I’m not the only Latinx person who missed the signs of my depression because of stigma.
In this op-ed, Christian Becerra explains why Latinx young people need better mental health education and support.
I was a freshman in high school when I had a teacher pull me aside from class to ask if I was doing ok. I told her I was just tired, which wasn’t so much a lie as it was the best way I could describe how I was feeling at the time. I had no better words for what I was experiencing. It never crossed my mind that I could be depressed.
When I was 15, I was officially diagnosed with depression. For me, the symptoms came gradually and then all at once. I became extremely restless. I could no longer sit through an exciting movie, let alone a long lecture at school. I didn’t know why, but getting out of bed each morning became an almost impossible task. Food lost its taste. Life lost its color.
I know I’m not alone in being diagnosed with depression as a teen — in fact, the number of young people with the same diagnosis has been increasing over the years. But as a young Latinx person, I’m also not alone in misinterpreting the symptoms of depression — and that’s a problem.
A new report by the National Women’s Law Center (NWLC) found that almost half of all U.S. Latinx girls in high school in 2017 felt so sad or hopeless they couldn’t participate in some activities. This is a rate that outpaces the 31.5% of general high school students who encountered similar feelings of sadness or hopelessness. When the students in the study expressed a desire for help, they reported that they were often shrugged off, or called “crazy.” The same study referenced the lack of research and resources extended to Latinx youth during a time in which our community is being targeted by the most influential powers in America.
But Latinx girls deserve better than this.
We need to do a better job of educating our Latinx youth. It angers me that so many of us grow up lacking the proper tools to dictate our pain. I found the answer for what I was experiencing on Google, and when I spotted my symptoms on the screen, I felt a mix of relief and shame in being able to recognize it for what it was. Relief in knowing I was not the only one going through this experience, and shame for what I felt like I had allowed myself to become.
I initially turned to my mom whose solution was to gloss over the pain. She encouraged me to strengthen my relationship with God, and offered me a selection of protein shakes and multivitamin supplements. A little more time on the treadmill would do the trick, she thought. She’s not wrong that exercise can help with mental health, and I know she was coming from a place of love, but what she offered wasn’t enough. I’m sure if she had more knowledge of mental health treatment, she could have helped me more in helping me address my mental health. But that was not the case for us, nor is it the case for many Latinx folks in America.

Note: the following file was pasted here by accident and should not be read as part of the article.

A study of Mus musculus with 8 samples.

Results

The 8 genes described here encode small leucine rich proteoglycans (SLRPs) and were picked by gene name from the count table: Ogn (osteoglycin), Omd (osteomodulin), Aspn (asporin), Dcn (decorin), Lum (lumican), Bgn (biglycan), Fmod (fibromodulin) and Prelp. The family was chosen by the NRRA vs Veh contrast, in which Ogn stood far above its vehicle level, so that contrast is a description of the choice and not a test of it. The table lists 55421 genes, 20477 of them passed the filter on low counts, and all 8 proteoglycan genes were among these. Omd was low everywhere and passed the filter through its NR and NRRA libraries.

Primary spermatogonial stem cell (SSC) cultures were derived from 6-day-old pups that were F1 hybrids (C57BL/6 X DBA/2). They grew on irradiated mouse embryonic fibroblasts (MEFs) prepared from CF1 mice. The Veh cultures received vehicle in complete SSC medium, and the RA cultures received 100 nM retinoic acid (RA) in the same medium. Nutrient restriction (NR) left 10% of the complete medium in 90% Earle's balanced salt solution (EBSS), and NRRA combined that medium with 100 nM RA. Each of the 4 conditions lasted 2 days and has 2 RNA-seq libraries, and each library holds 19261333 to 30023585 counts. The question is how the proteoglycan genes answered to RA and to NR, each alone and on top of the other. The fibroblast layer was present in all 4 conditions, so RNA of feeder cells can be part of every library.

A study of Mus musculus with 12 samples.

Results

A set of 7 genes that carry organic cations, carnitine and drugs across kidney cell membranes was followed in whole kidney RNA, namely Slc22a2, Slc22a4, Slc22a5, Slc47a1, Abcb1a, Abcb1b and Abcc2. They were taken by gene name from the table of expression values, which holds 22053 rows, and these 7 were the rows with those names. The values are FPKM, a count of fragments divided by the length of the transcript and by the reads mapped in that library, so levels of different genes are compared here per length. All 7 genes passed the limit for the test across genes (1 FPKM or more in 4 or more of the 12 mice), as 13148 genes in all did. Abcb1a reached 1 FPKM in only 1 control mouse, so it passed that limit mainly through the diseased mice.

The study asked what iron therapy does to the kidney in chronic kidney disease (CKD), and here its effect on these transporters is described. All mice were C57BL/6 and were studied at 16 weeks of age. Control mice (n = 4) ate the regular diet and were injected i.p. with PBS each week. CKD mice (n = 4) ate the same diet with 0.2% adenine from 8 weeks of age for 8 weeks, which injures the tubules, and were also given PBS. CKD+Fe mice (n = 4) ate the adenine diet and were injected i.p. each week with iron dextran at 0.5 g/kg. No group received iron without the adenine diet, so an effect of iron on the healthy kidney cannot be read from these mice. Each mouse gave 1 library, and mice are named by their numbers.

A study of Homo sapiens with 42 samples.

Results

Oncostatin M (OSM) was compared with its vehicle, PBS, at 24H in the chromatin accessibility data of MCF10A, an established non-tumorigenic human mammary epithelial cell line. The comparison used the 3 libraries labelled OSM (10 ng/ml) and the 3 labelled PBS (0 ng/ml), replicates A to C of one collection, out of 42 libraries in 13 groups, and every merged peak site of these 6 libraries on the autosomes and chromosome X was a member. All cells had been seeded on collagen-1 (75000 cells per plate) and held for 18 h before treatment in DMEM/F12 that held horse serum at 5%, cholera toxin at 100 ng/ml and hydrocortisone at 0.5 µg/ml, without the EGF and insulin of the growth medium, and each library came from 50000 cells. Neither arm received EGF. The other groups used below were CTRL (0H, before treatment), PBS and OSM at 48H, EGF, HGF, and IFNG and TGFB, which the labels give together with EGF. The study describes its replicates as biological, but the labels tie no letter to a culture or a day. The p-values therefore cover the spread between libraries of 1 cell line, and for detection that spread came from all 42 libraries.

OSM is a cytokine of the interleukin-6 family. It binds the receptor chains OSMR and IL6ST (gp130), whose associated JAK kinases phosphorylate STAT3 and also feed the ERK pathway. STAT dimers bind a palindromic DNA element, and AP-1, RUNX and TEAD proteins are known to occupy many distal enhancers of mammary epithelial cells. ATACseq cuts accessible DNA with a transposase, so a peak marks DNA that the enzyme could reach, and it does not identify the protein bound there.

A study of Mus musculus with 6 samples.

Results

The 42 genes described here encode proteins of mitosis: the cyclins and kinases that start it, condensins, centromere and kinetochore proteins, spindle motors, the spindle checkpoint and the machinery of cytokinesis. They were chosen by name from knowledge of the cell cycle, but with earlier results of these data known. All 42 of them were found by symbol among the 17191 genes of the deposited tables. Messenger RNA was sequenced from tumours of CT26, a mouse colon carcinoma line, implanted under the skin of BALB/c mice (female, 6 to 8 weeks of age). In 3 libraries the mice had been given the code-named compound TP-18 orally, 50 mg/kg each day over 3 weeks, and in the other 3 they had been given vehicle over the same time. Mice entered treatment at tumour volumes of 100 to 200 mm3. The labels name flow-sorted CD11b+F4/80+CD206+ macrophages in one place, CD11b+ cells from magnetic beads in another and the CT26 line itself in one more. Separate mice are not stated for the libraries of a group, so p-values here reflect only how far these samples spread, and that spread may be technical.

According to the National Alliance on Mental Illness (NAMI), Latinx people are less likely to seek mental health treatment, despite being just as susceptible to mental illness as the general population. One reason for this, according to NAMI, is because we don’t talk much about mental health, which tends to perpetuate the stigma often present in Latinx communities. As a result, many Latinx people, NAMI notes, don’t know what the signs and symptoms of mental illness are, or how to seek help.
Eventually, I did seek treatment, and it would slowly but surely turn my life around for the better. Before I realized how depression could manifest and how it could be treated, I thought my life as I knew it was over. I had imagined something different for myself, and my diagnosis felt like it was taking all those hopes away. Now, thanks to the proper treatment and education, I know there is still so much life to live. Do not let your depression fool you into thinking your life is over before it has even begun — especially if you are Latinx like me and are not given the proper tools to prepare yourself.
At the end of the day, I know I’m not the only one who has been touched by depression. I just hope that my choice to speak out about it will encourage others to do the same so that we can collectively move towards a better understanding of mental health by diminishing the stigma and creating a brighter and more hopeful future for generations to come.